The Week The Women Went

Of all the apocalyptic scenarios played out on television in recent years, perhaps none is so dire as The Week The Women Went. Like a half-assed, reverse Y—The Last Man, the adult women of Yemassee, South Carolina are leaving town for a week—seven whole days!—as the men try to rebuild their society from the ashes. Between negotiating the harsh jungle of the laundromat and trying to remember their kids’ names, the men are further tasked with planning and holding a pre-scheduled weekend beauty pageant like this is some reality competition show and not a world barely held together by fraying duct tape and Benadryl.

Jeff Foxworthy narrates like it’s The Deadliest Catch: Over shots of a full sink and rambunctious kids, he says, “A pageant is looming. It’s only day one and Yemassee is already starting to descend into chaos.” The Week The Women Went even goes Old Testament in search of some back-up, citing an impending thunderstorm as divine commentary. “As the experiment is set to begin, another woman is making her presence known, Mother Nature. If this is an omen, the people of Yemassee are in for a punishing week.” Calling this half-baked, pre-conceived reality show a social experiment is testing the strength of my eye-sockets, but pretty much everything that comes out of Foxworthy’s mouth is hilarious. He didn’t write the script, but he sure commits.

Unfortunately, beyond a basic incredulity that husbands and fathers, of all people, will be able to keep their children alive for a week, it’s hard to tell much about the series from the premiere, which is mostly expositional prologue. We meet Stephen, the commuter dad who’s excited to spend a week at home with the kids. Matt, the 24-year-old Marine who’s about to be responsible for his girlfriend’s teenage daughters and young son. Justin, the mama’s-boy fire chief who is about to propose to his girlfriend of three years. Doug, who adopted his 15-month-old twins a year ago that week and has another baby on the way. Skyler and Bug, the two teenage girls who have been handed the reins of their mothers’ restaurants. There’s always something else to establish, so the premiere never lags, though it does succumb to that annoying trope of leading each commercial break with previews from the next act and introducing each act with a quick recap.

But it’s not all responsible housewives and dumb husbands, and that’s what saves The Week The Women Went. Don’t get me wrong, this thing is all about traditional gender roles. Gay America saw this pitch and yawned in unison. But the men aren’t as hapless as the producers want. They’re tired at the end of a hard day, but at every little hissy-fit, the guys are up to the task. When the teenage girls knock over their little brother, Matt negotiates an apology. When one man’s daughter is jumping and screaming, refusing to go to bed, he waits her out and eventually lies there with her until she falls asleep. Stephen barely sleeps at all because he’s so worried he won’t hear his son crying. These fathers underestimate themselves, because that is how this show and all its tenets and stereotypes work, but they shouldn’t. And The Week The Women Went is the proof.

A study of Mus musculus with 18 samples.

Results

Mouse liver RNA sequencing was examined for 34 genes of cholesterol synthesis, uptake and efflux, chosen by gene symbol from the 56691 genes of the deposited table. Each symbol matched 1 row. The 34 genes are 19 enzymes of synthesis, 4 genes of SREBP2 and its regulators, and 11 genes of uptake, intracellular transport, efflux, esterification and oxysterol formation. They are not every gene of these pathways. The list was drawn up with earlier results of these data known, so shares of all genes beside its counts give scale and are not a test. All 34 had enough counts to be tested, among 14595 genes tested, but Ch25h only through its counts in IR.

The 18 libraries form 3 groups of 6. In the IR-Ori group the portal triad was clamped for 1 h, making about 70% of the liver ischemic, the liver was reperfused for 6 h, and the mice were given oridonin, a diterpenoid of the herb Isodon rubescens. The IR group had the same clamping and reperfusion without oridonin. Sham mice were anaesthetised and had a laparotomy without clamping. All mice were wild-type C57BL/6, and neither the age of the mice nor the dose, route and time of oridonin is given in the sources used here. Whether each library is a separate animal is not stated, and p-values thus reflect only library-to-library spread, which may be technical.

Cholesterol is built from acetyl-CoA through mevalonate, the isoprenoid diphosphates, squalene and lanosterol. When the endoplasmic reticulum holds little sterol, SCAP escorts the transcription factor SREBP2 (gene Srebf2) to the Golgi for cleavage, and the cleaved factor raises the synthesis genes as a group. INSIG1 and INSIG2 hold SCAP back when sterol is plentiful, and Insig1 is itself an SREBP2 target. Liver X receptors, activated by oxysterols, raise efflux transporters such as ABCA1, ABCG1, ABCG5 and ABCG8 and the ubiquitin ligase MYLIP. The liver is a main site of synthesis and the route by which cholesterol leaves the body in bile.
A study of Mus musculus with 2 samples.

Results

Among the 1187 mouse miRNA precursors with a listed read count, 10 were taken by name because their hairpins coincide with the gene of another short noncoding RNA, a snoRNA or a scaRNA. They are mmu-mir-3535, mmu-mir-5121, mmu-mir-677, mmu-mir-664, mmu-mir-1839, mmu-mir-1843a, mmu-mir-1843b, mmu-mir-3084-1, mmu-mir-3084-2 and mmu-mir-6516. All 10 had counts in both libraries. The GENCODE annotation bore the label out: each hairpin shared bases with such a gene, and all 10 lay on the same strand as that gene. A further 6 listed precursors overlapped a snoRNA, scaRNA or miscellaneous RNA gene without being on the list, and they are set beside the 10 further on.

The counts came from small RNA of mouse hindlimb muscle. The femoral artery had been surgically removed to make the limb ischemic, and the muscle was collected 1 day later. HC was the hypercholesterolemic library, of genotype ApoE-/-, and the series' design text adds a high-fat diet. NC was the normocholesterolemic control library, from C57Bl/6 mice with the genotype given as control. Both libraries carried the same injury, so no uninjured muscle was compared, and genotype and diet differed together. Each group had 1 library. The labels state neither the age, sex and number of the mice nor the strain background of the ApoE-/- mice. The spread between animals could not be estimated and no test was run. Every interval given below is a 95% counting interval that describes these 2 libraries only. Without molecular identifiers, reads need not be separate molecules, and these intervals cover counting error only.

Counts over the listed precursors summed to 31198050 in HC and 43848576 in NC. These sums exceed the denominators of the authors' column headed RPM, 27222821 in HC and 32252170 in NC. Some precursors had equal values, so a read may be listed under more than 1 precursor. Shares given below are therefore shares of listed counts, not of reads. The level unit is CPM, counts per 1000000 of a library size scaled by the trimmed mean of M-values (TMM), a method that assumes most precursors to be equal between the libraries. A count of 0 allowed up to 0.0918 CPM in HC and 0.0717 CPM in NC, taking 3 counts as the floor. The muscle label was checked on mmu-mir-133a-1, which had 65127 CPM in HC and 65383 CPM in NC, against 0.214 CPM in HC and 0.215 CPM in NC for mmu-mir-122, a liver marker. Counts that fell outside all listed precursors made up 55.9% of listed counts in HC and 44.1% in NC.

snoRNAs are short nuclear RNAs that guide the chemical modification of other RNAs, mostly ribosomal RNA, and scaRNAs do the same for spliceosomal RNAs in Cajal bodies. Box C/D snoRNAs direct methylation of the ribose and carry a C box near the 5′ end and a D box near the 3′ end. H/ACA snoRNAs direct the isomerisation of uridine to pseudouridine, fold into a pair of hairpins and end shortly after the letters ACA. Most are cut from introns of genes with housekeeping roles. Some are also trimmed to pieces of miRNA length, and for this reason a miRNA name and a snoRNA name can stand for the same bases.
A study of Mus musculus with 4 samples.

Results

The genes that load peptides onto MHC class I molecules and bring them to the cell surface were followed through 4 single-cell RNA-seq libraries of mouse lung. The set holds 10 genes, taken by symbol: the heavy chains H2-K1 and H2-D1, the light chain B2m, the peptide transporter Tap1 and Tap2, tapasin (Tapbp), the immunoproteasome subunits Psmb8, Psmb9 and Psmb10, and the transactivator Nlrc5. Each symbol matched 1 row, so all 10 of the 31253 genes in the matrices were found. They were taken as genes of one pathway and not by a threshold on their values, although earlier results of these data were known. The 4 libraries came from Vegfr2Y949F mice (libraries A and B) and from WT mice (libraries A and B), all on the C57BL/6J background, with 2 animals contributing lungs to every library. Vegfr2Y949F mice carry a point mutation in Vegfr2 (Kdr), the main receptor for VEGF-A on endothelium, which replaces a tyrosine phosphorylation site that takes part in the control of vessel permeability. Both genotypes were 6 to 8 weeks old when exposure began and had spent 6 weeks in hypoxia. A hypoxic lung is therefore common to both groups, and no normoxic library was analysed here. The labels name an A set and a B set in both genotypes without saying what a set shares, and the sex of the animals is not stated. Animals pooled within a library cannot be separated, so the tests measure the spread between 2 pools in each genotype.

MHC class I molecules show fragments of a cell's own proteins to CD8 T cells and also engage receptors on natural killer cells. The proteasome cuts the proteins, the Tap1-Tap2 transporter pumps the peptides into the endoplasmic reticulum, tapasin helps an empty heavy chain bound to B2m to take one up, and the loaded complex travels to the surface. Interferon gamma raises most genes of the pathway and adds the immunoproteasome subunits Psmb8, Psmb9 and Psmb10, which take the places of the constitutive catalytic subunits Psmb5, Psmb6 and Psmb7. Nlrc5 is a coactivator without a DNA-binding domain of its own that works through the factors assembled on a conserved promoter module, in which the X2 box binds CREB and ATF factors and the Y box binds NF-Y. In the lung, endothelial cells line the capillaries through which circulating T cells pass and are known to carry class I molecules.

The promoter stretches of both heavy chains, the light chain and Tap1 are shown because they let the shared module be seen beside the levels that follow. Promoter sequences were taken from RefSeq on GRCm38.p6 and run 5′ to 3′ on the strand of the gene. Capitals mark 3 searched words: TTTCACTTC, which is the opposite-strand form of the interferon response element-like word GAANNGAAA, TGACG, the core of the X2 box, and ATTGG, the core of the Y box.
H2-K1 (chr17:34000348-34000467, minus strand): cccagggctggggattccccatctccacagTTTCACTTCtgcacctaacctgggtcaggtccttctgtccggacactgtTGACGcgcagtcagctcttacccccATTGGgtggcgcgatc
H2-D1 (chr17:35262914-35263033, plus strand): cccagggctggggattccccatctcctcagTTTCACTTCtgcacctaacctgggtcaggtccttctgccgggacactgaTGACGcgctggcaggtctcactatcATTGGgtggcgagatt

What’s most refreshing about this show, though, is that none of the characters are especially dying for those reality-TV cameras to follow their exploits. One father even backs out of frame as his wife says goodbye to their kids. I gasped. Best of all, Doug moves his family in with another, Darnell and his kids (a son with ADHD and a drama queen daughter, his words), for the week. The premiere doesn’t have time to see how this blended family is working—so far each father takes care of his kids and then they chat with each other—but it’ll be interesting to see how their teamwork lightens their individual loads. And Stephen is the one who gets the last-minute task of pulling off a beauty pageant within a week, but he drops by Darnell’s place and the three dads seem baffled but ready to work. They’re all so low-key and game that The Week The Women Want is actually, accidentally, pleasant. Nobody is treating this like anything more than it is, seven little days while Mom’s on vacation. Nobody except Foxworthy.

Stray observations:

  • I'm giving the premiere a C+, but now that the exposition's out of the way, the series proper could be more interesting.
  • The Week The Women Went is based on a BBC show that ran for two seasons. Anyone have any insight about that show?
  • I’d love some more detailed information about this “experiment,” specifically whether every adult woman really leaves town. The 2010 census cites Yemassee’s population at about 1,000, and I estimate about 100 women participate in the exodus parade (the march to the train station)
  • Those women are spending the week in a Florida resort and are allowed no contact with the men. But the cameras are with them, too, because mama’s boy Justin’s mother Tammy is not happy to be spending that week with his new fiancée.
  • Sample Tammy quote: “My relationship with Justin is beyond a mother and a son. I do everything for him except wash him. If he wanted me to, that might be a different story.” So, yeah, expect some good, old-fashioned reality-show sparring.
  • Mayor Goodwin is worried his reelection is riding on the success of this experiment. So maybe some people are taking this too seriously.
  • One preacher tells his congregation, “‘Women, you can’t live with them, and you can’t live without them.’ Who said that? Every man who’s ever been married says that.”
  • One last Foxworthy quote: “In the beginning, there was man and there was woman, but what would happen if all the women suddenly disappeared?”